Just an intellectual burp as I finish digesting this particular idea:

If we accept "No Silver Bullet II", then verifying a program is vastly harder than merely running it, in general: Most programs run in more or less linear time, or at least polynomial, while verification is asserted to be of exponential complexity in general. Does this make sense?

I think it does. Put most baldly, verification requires running the program on all possible sets of inputs, and there are an exponentially large number of them. It -should- be harder to do this than to run the program on a specific dataset.

At first blush, the above is ridiculous: To verify a program, we don't literally need to consider all input datasets: We can often dispose of all possible integer values for a given input just by considering the zero, negative and positive cases, say.

But I think that on deeper reflection, the argument is in fact essentially correct. When doing verification, we need in some sense to symbolically execute the program, retaining not the actual state of the program, but rather an abstraction of the >set< of states the program can reach, in a process somewhat akin to the LALR(1) state construction algorithm. Conditional statements will tend to split each pre-existing state, doubling the size of our set of potential states which need to be considered making total verification work exponential in the number of conditional statements in the program. We can be clever and avoid this effect much of the time, of course. But if we can only do this some fixed percentage of the time, such as 99%, say, then the verification cost remains exponential in program size, and all we have done is drop the constant factor a bit: We're still going to hit a soft but very strong wall at a certain program size, and never get beyond it.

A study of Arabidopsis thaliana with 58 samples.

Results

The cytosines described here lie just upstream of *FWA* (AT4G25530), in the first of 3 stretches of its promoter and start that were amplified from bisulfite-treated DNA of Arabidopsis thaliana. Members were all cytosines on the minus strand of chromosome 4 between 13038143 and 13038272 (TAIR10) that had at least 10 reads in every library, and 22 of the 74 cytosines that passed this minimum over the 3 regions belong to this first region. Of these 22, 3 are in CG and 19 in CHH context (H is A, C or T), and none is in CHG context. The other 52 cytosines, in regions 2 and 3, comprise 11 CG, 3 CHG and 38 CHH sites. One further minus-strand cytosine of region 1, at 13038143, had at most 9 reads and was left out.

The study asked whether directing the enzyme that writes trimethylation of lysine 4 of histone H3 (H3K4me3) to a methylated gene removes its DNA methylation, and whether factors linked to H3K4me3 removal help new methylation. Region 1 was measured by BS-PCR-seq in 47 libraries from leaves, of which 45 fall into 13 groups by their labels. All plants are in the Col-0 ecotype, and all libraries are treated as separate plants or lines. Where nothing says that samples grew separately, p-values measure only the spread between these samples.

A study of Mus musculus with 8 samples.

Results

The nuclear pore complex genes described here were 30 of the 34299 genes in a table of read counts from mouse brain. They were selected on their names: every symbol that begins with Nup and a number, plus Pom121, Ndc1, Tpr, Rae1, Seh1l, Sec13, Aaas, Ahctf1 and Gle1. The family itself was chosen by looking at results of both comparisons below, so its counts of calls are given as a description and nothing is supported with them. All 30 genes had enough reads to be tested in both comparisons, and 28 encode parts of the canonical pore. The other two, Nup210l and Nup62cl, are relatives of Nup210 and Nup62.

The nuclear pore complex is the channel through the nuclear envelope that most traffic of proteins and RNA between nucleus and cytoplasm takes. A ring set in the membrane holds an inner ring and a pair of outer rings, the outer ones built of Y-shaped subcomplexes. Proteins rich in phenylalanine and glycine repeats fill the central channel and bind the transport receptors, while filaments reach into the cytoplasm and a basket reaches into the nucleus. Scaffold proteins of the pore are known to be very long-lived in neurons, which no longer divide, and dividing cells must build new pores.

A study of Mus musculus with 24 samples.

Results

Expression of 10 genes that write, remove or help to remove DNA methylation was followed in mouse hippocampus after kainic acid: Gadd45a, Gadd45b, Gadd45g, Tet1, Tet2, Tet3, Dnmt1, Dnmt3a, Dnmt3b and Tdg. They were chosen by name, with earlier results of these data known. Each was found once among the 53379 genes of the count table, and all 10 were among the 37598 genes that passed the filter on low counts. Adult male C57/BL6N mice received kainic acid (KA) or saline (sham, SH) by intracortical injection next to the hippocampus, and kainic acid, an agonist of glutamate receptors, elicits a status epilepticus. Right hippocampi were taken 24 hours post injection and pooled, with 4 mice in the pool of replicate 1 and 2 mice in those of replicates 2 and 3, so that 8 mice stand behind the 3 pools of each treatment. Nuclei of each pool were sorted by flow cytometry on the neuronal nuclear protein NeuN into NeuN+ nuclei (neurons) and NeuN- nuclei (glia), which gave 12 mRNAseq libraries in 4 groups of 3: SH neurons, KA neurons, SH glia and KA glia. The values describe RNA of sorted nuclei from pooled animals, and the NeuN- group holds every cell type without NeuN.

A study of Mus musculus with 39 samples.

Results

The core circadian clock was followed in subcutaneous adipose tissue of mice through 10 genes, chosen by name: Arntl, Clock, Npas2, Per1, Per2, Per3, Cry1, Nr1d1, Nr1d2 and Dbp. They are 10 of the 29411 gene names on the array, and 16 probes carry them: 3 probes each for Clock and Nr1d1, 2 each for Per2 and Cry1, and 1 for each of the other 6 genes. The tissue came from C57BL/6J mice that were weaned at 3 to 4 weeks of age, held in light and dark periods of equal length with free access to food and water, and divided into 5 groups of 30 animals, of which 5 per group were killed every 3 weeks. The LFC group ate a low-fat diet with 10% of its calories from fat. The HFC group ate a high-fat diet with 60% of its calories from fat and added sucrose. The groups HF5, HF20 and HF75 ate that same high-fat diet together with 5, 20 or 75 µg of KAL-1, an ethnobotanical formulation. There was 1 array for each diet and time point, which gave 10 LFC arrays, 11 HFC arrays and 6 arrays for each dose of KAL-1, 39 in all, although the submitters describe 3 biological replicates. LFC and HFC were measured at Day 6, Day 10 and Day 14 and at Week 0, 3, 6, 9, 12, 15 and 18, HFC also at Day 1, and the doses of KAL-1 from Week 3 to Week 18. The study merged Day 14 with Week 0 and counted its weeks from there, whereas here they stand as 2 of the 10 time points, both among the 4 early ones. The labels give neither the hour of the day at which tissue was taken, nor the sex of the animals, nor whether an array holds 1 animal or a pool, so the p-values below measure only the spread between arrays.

The above is informal, jumps from one perspective to another without apology, and takes a different view of the verification process than is customary today, with operational semantics being frowned upon, but I think it correctly captures the nature of the problem, and that correctly puzzling it out from other perspectives will therefor eventually yield the same conclusion, perhaps after a greater or lesser amount of analysis.

Thus, for the long term, we likely really *do*
want to focus on systems which are not guaranteed to return
the correct result, merely guaranteed to either return a
correct result or else to drop into the exception handler
with an appropriate error message -- something which I think
*can* be done within practical efficiency limits.